One of Harry Potter's most iconic filming locations wasn't quite as lovely off-screen.

Ever since the first film in the Harry Potter franchise, Harry Potter and the Sorcerer's Stone, hit theaters in November of 2001, fans have been waiting for their acceptance letters to Hogwarts School of Witchcraft and Wizardry, where Harry (Daniel Radcliffe) and his friends Hermione Granger (Emma Watson) and Ron Weasley (Rupert Grint) embark on their magical, educational journey. Despite the enthusiasm for magical pedagogy, however, it turns out that Hogwarts might be best experienced through a screen.

Shooting an epic movie like Sorcerer's Stone definitely came with a unique set of challenges, between wrangling animals like snowy owls to crafting two-faced men using CGI to choosing the right child actors for the popular franchise. With that said, some of the problems that surfaced during the filming of Sorcerer's Stone were, well, a lot more gross than you could have ever expected. Here's the totally disgusting detail about Hogwarts' majestic Great Hall that you never knew about before.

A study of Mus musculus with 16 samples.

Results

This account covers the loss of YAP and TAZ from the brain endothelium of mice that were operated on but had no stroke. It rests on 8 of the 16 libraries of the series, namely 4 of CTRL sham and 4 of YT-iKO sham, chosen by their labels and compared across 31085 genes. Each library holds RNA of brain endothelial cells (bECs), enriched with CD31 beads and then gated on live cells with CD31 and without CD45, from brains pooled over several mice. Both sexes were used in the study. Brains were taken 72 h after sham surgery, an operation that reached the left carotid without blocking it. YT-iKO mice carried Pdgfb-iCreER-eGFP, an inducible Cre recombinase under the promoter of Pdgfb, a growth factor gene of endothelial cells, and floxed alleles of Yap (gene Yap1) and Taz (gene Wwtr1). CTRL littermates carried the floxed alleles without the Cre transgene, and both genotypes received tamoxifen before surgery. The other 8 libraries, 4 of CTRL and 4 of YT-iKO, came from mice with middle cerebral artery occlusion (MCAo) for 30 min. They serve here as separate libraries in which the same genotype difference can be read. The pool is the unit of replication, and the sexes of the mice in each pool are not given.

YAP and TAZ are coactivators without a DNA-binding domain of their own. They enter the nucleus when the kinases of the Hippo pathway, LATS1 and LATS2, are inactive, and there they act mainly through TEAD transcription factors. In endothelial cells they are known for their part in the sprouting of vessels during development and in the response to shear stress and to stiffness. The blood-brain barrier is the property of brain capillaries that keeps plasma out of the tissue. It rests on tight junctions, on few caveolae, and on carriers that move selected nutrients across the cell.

Hogwarts' Great Hall was actually really gross

In an interview with British publication The Mirror back in 2014, actor Warwick Davis, who portrays Professor Filius Flitwick in the first film (and Griphook the goblin in subsequent installments) revealed something incredibly disgusting about Hogwarts' Great Hall: It always smelled like rotting food.

Apparently, director Chris Columbus, who helmed both Sorcerer's Stone and the second Potter film, Chamber of Secrets, wanted the food to look as real as possible, which makes sense considering how vividly the Hogwarts feasts are described in the books. As Warwick put it, "A lot of great feasts happened in there. You may film them for three or four days and the first day you step in there, they serve you a plate of food with lots of meats, vegetables and roast potatoes and you can eat the food."

However, Columbus' attention to detail had a pretty nasty result, according to Warwick: "The next day, they go, 'Don't eat the food' ... you just pretend now, it's been there all night. The fourth day, you could smell the Great Hall before you got in it. The food was the same food and it had quite an amazing smell." Clearly, Warwick took some liberties with the word "amazing." According to a fact sheet about the films published in Seventeen Magazine, the props crew froze real food and made molds for a more realistic — and less stinky — approach in subsequent films.

Today, you can visit the real Great Hall (without any rotting food smells) at the Harry Potter Studio Tour London, where you can explore all of the sets on a Warner Bros. lot in Leavesden just outside of England's capital city. Otherwise, all eight Harry Potter films will be available to stream on Peacock, NBCUniversal's new service, soon.